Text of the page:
Financial difficulty happens and even the best of people can fall behind, but when you live in a condominium, one owner falling behind on common charges can mean less money for maintenance and amenities, and ultimately, trouble meeting building operating expenses. Eventually, the deficit is borne by the other unit owners via increases in common charges or assessments.
If a unit owner in your building fails to pay their common charges, there are non-judicial collection options, including sending notices, publicly posting names of delinquent unit owners, or banning them from building facilities and suspending amenities. Or, as the law and most condominium bylaws require that arrears in common charges be paid from the proceeds of the sale or by the buyer, a board of managers could also wait for voluntary sale of the unit to collect the delinquent fees. Alternatively, a board of managers can opt to file a lien against the unit. Once a lien is filed, New York Real Property Law Section 339-aa provides a vehicle for a board of managers to foreclose a common charge lien in a manner akin to foreclosing on a mortgage. Ultimately, if the unit owner does not pay, a board of managers can take title to the unit.
However, before going down the foreclosure road, there are a number of factors to be considered, including: the amount owed, whether there are any pre-existing liens filed against the unit and the fact that, not unlike a mortgage foreclosure, a lien foreclosure can be costly, in terms of money and time. Yet, even if a foreclosure action is unappealing, there is still benefit to filing a lien. The lien takes priority over other liens, except for real estate taxes and sums unpaid on a first mortgage of record or on a subordinate mortgage of record held by certain state development agencies. Additionally, many condominium bylaws provide that the cost of filing a notice of lien, including reasonable attorneys’ fees, is payable by the wayward owner. Finally, the board can file an action seeking a money judgment for the unpaid common charges, which action is independent of a foreclosure proceeding and can be brought on without waiving the lien.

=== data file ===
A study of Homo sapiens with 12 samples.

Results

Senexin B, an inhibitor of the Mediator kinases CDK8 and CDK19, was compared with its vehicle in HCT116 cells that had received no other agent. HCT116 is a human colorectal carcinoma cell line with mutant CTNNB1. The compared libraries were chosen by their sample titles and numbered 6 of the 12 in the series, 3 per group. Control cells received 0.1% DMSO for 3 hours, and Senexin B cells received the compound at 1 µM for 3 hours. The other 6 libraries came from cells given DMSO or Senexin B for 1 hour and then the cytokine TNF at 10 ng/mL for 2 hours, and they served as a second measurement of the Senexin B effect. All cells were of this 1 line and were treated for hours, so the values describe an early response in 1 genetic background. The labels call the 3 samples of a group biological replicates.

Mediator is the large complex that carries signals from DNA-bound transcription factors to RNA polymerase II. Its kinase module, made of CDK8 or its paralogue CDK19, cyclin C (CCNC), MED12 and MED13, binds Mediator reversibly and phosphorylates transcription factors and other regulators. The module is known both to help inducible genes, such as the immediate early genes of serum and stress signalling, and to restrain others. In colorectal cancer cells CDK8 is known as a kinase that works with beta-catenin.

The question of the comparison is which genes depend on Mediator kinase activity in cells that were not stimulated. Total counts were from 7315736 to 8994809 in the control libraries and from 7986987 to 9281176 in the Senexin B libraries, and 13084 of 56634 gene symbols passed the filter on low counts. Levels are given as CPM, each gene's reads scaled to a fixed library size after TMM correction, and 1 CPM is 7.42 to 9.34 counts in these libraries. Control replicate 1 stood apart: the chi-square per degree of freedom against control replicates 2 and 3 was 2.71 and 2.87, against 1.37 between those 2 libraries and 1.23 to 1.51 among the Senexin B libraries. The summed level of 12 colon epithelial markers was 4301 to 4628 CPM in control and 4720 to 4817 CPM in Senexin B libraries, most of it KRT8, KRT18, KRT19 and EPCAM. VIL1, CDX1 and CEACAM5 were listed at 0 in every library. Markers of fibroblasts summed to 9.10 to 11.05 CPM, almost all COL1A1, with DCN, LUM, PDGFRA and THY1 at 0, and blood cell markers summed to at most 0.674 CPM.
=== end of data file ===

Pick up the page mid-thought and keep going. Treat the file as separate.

The most important thing is to act promptly and weigh the costs versus benefits. If the board of managers has had other issues with this unit owner in the past, perhaps a foreclosure action is in your building’s best interests. If, however, the board of managers is simply looking to reclaim past due funds, filing a lien and seeking a money judgment may weigh more in your favor. Even then, compromises can be had in some settings. Your lawyer can try to negotiate settlement with the offending unit owner before resorting to litigation. Even if such negotiations fail, the act of trying to resolve the problem before seeking court intervention could help your case later on.